Today is ‘National Simultaneous Storytime 2017′ in Australia, where all over the country children will be reading The Cow Tripped Over the Moon, written by Tony Wilson and illustrated by Laura Wood.
Linked with the fact that May is National Share a Story month which has the theme of ‘Picture a Story’ all about the illustrations, it seemed too good an opportunity to share all your favourite picture book ideas with everyone.
I had lots of great suggestions and you won’t be surprised to hear that the Gruffalo was strongly recommended by many, including Sharon Wood who was the first person to nominate this great book, illustrated by Axel Scheffler.
Pamela Davenport chose another classic: We are Going On a Bear Hunt. She says “The book and wonderful illustrations by Helen Oxenbury captured my children’s imagination, making up different endings to the story. Going on walks and exploring nature and the environment, my children loved to explore the swishing swashing grass, squelching mud and a variety of other senses associated with the story”.
Sonia Mainstone-Cotton reminded me of a great book – Peace at last by Jill Murphy. Sonia says “I loved the illustrations and the repetitive writing. I have read this so many times to my children and many other children I work with. In more recent years, with the children I work with now I love Lost and Found by Oliver Jeffers and his other books. The illustrations are beautifully simple”.
Jake Forecast also chose Jill Murphy, but his choice was “Whatever Next”. He says “Baby Bear wants to go to the moon, so he grabs a rocket and snacks and sets off. He makes friends with an own, has a picnic on the moon and even waves to people on the aeroplane!
This book is a great way to express imagination and creativity skills. In my setting, we based an activity on the story, whereby a child uses a cardboard box, a sieve, a packet of biscuits and a pair of wellington boots to pretend we are on the moon. We also had other additional adventures with other suggestions!
A great book to recommend to all practitioners, especially is the topic is Light and Dark and using imaginative skills”
From the tried and tested to a book that was brand new for me: Lima’s Red Hot Chilli, suggested by Paula Franklin. She says “This is my favourite book to read to pre-school children, it keeps them totally captivated by the wonderful illustrations and the repetitive phrase, ‘don’t eat the red hot chilli….’ The children choose this book over and over again, it explores the five senses and we have based different activities around it, such as food exploration, tasting and cooking. It’s also a great book for including in a story sack, the children love to anticipate what food comes next and the use of props enhance the story even more”. I would totally agree that the illustrations are just incredible, full of colour and life. Beautiful!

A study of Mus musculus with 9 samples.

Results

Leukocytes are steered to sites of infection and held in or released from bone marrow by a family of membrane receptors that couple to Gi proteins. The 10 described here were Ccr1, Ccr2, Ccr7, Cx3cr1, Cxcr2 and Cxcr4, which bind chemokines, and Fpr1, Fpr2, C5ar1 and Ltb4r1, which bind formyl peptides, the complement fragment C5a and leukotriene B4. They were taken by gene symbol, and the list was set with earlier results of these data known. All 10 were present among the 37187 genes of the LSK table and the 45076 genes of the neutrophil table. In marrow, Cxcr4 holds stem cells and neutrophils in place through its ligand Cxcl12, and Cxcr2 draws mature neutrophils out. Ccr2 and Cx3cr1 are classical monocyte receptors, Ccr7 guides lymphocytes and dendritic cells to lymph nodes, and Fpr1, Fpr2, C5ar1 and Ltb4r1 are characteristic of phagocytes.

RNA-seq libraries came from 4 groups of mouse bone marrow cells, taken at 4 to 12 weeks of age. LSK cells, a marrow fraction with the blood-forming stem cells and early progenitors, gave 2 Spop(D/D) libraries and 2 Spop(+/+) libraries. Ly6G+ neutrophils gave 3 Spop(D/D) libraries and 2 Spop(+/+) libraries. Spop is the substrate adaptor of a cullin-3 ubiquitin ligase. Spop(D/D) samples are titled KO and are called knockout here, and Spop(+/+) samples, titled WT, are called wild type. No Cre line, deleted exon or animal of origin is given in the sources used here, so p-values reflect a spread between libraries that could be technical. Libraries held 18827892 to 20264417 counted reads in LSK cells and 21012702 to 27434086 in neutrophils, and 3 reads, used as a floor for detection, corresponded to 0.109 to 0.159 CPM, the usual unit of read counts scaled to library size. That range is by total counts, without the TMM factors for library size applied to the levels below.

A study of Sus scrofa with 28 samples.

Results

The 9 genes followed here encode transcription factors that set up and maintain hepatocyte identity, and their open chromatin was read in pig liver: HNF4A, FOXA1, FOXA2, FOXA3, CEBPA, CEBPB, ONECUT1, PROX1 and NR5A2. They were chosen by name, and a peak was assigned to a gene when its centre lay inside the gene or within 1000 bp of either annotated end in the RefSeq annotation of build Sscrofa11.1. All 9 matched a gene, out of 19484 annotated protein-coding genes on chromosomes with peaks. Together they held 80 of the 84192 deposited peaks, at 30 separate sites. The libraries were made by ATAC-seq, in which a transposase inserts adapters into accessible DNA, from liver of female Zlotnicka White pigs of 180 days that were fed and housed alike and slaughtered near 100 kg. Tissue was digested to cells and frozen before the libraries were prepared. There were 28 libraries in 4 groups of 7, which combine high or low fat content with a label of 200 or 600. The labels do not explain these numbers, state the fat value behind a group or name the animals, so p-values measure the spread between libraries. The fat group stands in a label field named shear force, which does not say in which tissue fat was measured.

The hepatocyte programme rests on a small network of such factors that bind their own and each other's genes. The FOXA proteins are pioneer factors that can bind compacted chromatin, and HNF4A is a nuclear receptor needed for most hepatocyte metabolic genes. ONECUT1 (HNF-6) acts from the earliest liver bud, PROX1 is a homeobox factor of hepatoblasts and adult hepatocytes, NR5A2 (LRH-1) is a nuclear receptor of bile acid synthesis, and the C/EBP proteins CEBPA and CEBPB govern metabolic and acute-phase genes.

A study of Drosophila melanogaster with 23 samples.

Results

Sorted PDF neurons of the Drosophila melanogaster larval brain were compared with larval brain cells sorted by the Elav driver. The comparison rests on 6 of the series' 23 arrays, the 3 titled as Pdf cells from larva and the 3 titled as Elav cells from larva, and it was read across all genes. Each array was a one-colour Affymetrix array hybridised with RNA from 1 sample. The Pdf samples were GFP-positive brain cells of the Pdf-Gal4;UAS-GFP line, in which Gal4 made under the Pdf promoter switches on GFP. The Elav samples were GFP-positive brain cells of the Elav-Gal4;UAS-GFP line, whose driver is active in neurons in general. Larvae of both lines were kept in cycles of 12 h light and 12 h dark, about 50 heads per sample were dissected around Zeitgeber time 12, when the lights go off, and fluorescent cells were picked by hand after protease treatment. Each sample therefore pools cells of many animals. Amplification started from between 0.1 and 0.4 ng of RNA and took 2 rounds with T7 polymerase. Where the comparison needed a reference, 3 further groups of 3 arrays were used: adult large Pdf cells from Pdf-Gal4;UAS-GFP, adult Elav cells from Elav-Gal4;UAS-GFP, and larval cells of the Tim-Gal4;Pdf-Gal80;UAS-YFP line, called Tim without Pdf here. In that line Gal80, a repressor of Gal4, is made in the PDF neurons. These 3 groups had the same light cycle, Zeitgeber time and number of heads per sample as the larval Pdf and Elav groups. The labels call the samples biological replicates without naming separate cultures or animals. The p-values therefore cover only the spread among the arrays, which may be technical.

Holly Warren has chosen two books where the illustrations were as important as the story:
1. The Flower by John light illustrated by Lisa Evans. The way she uses black and white, and colour are spectacular. Her illustrations are the soundtrack to the story, they give it depth and feeling. The colours of hope.
2.Ignis by Gina Wilson illustrated by P.J.Lynch. Another spectacular story where the illustrations take us right into the story making us feel part of it. The use of colour and texture kept us looking at the pictures wanting to touch the dragon and join in his quest.
Both gorgeous books!
Cathy from Aunt Cathy’s Childminding Service had a Spring/Easter theme – ‘We’re Going on an Egg Hunt’ (lift the flaps and find the eggs) and ‘Charlie Chick’ (pop up Book). She says “My kiddies just now are all loving both these books, I think I must read them at least twice a day, and they read them themselves. We have read them together so often, it’s great to hear them making the stories up when they’re reading them themselves.” Cathy also has a book stash – a great idea!!
Konstantina Moustaka (Early Years Practitioner) explains why she likes this picture book:
“Picture books are such an important part of young children’s lives and I have to admit that I am fascinated by the impact they can have on their development. I always find it very hard to choose just one but I think that ‘My adventure island’ is definitely one of my favourites.
Timothy Knapman’s rhyming text makes this book extremely pleasant to read. Illustration in books is also very important since children spend most of the time observing the pictures and read through them. On top of that, Sara Warburton’s bright colours and vivid images engage children and let their imagination run wild. They go on an adventure to eat chocolate cake, to enjoy an ice-cream with a dinosaur, to be a pirate, a cowboy, a magician, a knight, to climb on top of a tree and jump in a mud pie.
In this book, a family is presented by Timothy Knapman as a safety net for young children. They can spread their wings and fly but they can always land safely. They can travel to their imaginary island without any fear because it is an island so close to the land!”
Finally, Rachel McClary, as a self-confessed picture book addict, couldn’t choose one, so chose five! https://rachelmcclary.com/2011/03/05/my-top-5-books-for-under-5s/ AND a favourite author: https://rachelmcclary.com/2011/07/13/lauren-child/
Thank you, everyone, for sharing your choices and I hope you have an enjoyable Simultaneous Story Day!